Supporters of a ban on genetically modified crops packed the Jackson County Courthouse auditorium in Medford Wednesday morning before filing more than 6,700 signatures to put the issue before voters.
After addressing commissioners, members of GMO-Free Jackson County held a rally on the courthouse steps. They hope to get a measure banning genetically modified crops in Jackson County on the May 2014 ballot.
"Clearly, GMOs are an issue of concern for a very large segment of our community," petitioner and Ashland organic farmer Chris Hardy said in a statement to the Jackson County Board of Commissioners.
County Clerk Chris Walker said 4,662 verified signatures are needed to get a measure on the 2014 primary ballot.
The GMO-Free measure would ban anyone from raising genetically engineered plants in Jackson County, with exemptions for scientific research. It also calls for the county to conduct inspections and allows enforcement through citizen lawsuits.
Chief petitioner Brian Comnes, a retiree from Ashland, said the group wants to protect organic farmers whose crops could be contaminated by pollen from genetically engineered crops, such as sugar beets and alfalfa.
"If someone is growing GMO alfalfa next to your organic alfalfa, the whole burden is on you not to get cross-pollinated," he said. "The guy who grows the GMO stuff doesn't have to do a thing."
GMO proponents say genetically modified crops are more resistant to weeds and pests, easier to grow and more productive. The World Health Organization has said the crops are "not likely" to present risks to human health, though opponents say genetic engineering has not been adequately tested, so there's no way to know the long-term effects of GMO consumption.
Multinational Swiss corporation Syngenta raises genetically modified sugar beets less than four miles away from several local organic farms. Farms in Gold Hill, Medford, Talent and Ashland have had to throw away seed or plow under crops to prevent possible contamination, GMO-Free organizers have said.
"Freedom to farm here should not be a one-way street in favor of national corporations," Hardy said, adding a ban is the only feasible solution for the personal and economic health of Jackson County.
Rep. Peter Buckley, D-Ashland, has thrown his support behind a GMO ban. He compared the issue to a large tire producer making tires that put a chemical slick on the roads and degrade tires from other companies.
"If we allow GMO crops to contaminate fields in Jackson County, it's to our economic detriment," Buckley said in a statement to the commissioners.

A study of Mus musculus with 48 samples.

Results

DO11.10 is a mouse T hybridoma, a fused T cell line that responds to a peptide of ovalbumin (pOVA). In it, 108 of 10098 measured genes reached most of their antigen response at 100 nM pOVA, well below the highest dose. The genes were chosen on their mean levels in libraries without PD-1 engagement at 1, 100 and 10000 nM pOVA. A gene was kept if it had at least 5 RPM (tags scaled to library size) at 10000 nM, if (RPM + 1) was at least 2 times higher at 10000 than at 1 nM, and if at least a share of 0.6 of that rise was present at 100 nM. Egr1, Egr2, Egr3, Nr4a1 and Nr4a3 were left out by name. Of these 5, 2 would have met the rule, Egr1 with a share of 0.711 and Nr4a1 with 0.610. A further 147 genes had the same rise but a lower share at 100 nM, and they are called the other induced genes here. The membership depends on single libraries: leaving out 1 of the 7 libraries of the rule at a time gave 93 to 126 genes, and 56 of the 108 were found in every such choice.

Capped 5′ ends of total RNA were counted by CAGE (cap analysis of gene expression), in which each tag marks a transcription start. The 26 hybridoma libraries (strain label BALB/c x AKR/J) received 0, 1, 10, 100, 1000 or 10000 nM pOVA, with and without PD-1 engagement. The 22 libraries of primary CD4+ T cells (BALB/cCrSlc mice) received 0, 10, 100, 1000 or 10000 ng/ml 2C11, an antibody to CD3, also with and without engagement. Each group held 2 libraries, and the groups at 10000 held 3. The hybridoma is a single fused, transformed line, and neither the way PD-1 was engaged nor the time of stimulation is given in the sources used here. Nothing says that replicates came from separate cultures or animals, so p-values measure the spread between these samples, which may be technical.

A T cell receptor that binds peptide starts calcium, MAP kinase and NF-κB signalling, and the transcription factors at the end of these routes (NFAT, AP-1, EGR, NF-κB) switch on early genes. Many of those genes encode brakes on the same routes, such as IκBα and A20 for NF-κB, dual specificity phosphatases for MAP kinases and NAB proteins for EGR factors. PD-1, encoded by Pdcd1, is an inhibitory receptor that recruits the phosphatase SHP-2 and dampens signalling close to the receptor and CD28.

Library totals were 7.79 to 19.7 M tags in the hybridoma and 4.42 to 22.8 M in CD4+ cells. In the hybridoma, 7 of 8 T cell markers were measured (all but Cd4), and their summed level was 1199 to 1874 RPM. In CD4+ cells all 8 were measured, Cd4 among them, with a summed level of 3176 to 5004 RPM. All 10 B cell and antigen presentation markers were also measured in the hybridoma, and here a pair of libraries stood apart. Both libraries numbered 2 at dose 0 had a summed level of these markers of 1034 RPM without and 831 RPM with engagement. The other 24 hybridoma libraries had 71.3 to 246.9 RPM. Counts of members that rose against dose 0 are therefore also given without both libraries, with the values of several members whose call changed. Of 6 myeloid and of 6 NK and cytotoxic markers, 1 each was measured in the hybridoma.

Buckley said he has drafted bills to require compensation for farmers who suffer losses from contamination by genetically modified crops, and to assure that if a county enacts a ban, it would be able to enforce it.
"We have our Right to Farm Law in Oregon," he said. "It's a question, and I want to make sure we are on solid legal footing."
Buckley added he expected strong opposition from the genetically engineered crops industry.
Jason Couch of the Jackson County Grange said he supports the ban, adding GMO and organic farms cannot coexist in the Rogue Valley.
"We don't feel you can do both in this county," Couch told the commissioners. "It's just too small."
Hardy said certified organic seeds grown in the Rogue Valley are sold all over the country through various cooperatives. Since the U.S. Department of Agriculture deregulated sugar beets genetically modified to withstand the weed killer Roundup last July, they can be planted anywhere, and are grown all over the Rogue Valley, including a location across the road from his farm.
"We're pretty much surrounded here," he said.
Jackson County Farm Bureau President Ron Bjork said he thinks most farmers in the county believe in coexistence and would oppose an outright ban.
"This ballot measure they have, as far as I'm concerned, they should be talking about coexistence with the other farmers, and not trying to separate everybody," he said. "We believe in coexistence, the county Farm Bureau does."
Comnes said the owners of 90 farms, 230 businesses and four granges in the area have signed a statement in support of the ban.
Organic seed producer Chuck Burr of Ashland said he had to destroy his chard seed crop after learning that genetically engineered sugar beets were growing near enough to have cross-pollinated with his chard.
"I can't legally sell a seed I cannot guarantee would grow true to type," he said. "I have an absolute right to conduct commerce on my farm in my county where I live."
Mail Tribune reporter Ryan Pfeil and Associated Press writer Jeff Barnard contributed to this report.